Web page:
MP Iain Stewart on how he was bullied for being gay

Deborah McGurran
Political editor, East of England

image copyrightPA
image captionIain Stewart says that bullying can leave deep emotional scars

The MP for Milton Keynes has spoken movingly about feeling introverted and lonely when he was bullied at school for being gay.

Iain Stewart, the former deputy chairman of the LGBT Tory Group (Lesbian, Gay, Bi-sexual and Transgender) told MPs that homophobic bullying was still widespread in schools and the consequences could damage a young person's academic and social development.

"It can leave deep emotional scars and I know this from personal experience," he told the Westminster Hall debate.

"At school I knew I was gay but I didn't dare admit it.

"It was inconceivable to do that as a teenager growing up in the west of Scotland in the '80s."

Offensive words

He joked that it had been easier to admit to being a Tory in Glasgow than to being gay at school.

"I wasn't physically bullied and the verbal bullying was mild and short lived, but I was perceived to be different and it left deep scars.

"It was enough to make me feel isolated and introverted, and it took me a very long time to overcome it."

He told the chamber that last year in Milton Keynes there were four teenage suicides - three of them young gay men.

"Does that not tell us that there is a problem that needs to be addressed?" he asked.

He also revealed that only last week young people in Milton Keynes told him that they had heard offensive words being used in class - words which went unchecked.

And at one school in the town, pupils set up a Facebook page to 'out' supposedly gay classmates.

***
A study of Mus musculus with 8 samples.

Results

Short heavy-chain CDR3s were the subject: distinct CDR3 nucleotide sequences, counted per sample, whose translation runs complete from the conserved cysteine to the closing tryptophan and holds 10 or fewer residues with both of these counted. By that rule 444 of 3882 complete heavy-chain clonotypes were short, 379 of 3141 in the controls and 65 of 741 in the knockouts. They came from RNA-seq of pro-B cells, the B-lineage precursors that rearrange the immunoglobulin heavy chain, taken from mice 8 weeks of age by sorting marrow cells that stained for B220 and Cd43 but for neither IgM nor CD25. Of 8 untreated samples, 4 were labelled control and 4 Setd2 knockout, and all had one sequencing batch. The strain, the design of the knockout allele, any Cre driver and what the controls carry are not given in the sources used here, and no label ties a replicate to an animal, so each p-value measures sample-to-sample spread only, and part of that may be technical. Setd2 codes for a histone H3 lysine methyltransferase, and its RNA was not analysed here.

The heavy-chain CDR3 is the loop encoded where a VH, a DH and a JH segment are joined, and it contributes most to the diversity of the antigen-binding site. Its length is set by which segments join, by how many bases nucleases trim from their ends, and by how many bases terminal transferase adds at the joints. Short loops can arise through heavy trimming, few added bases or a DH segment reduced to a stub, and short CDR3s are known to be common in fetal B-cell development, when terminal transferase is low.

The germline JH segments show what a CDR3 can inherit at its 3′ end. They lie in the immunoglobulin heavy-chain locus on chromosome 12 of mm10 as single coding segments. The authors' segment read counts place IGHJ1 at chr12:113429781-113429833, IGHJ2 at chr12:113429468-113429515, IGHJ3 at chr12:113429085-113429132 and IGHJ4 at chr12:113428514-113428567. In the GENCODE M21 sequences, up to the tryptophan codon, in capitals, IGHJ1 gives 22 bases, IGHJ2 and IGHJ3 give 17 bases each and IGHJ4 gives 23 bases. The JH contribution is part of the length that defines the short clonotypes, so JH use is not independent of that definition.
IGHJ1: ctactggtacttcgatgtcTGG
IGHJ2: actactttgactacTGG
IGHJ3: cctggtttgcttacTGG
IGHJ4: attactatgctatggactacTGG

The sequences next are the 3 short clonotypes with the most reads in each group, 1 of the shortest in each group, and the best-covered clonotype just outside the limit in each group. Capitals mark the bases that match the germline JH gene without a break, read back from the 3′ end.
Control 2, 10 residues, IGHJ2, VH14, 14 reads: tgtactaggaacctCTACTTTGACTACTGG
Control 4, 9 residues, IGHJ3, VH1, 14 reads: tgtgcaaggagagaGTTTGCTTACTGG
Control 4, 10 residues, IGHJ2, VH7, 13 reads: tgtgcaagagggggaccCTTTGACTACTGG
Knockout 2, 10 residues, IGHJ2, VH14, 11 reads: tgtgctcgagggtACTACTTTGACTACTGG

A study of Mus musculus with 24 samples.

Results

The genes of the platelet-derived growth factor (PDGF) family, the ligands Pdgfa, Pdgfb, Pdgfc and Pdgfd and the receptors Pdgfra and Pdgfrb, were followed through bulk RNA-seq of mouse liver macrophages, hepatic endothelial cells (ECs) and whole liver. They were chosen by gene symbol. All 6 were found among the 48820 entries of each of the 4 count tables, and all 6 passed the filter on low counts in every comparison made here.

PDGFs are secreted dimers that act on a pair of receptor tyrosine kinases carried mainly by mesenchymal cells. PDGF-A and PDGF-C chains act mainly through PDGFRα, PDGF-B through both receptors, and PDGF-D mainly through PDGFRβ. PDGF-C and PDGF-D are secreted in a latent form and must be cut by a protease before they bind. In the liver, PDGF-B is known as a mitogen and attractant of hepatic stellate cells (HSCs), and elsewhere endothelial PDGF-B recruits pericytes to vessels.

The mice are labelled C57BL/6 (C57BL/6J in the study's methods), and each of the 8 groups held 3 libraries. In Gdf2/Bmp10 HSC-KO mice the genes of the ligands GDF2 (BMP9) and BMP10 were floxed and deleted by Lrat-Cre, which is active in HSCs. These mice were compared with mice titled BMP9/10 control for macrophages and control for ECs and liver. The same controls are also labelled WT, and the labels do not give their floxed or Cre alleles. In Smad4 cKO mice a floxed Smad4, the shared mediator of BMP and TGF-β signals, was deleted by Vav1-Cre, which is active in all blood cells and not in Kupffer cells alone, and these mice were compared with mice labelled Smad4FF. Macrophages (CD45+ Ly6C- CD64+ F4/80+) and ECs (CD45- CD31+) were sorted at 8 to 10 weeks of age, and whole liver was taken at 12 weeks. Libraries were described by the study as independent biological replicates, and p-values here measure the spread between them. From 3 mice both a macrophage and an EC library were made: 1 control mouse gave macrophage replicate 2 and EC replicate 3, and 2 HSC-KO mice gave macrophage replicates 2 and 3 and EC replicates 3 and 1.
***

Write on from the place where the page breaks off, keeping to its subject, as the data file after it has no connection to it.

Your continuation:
He quoted research by the gay rights organisation Stonewall which suggested that 90% of secondary teachers and 40%of primary teachers had regularly witnessed homophobic bullying.

"Teachers want to combat it but feel they lack the training or the support to do it", he said.

There is already a range of anti-bullying guidance for schools. It is one of the things that Ofsted checks on.

Strong stand

But the Schools Minister Nick Gibb accepted that more needs to be done.

"This is an issue the government is committed to tackling," he said.

image captionThe government says it is committed to tackling homophobic bullying

"In the programme for government we have said that we will help schools tackle bullying, in particular homophobic bullying.

"And in the White Paper we've said we will empower head teachers to take a strong stand against bullying especially racist, homophobic and other prejudiced-based bullying."

Mr Stewart accepts that bullying is not a new phenomenon.

He also accepts that a lot has been done to tackle it.

But he feels this is one aspect that needs much more attention, and he hopes that by speaking out people will take notice.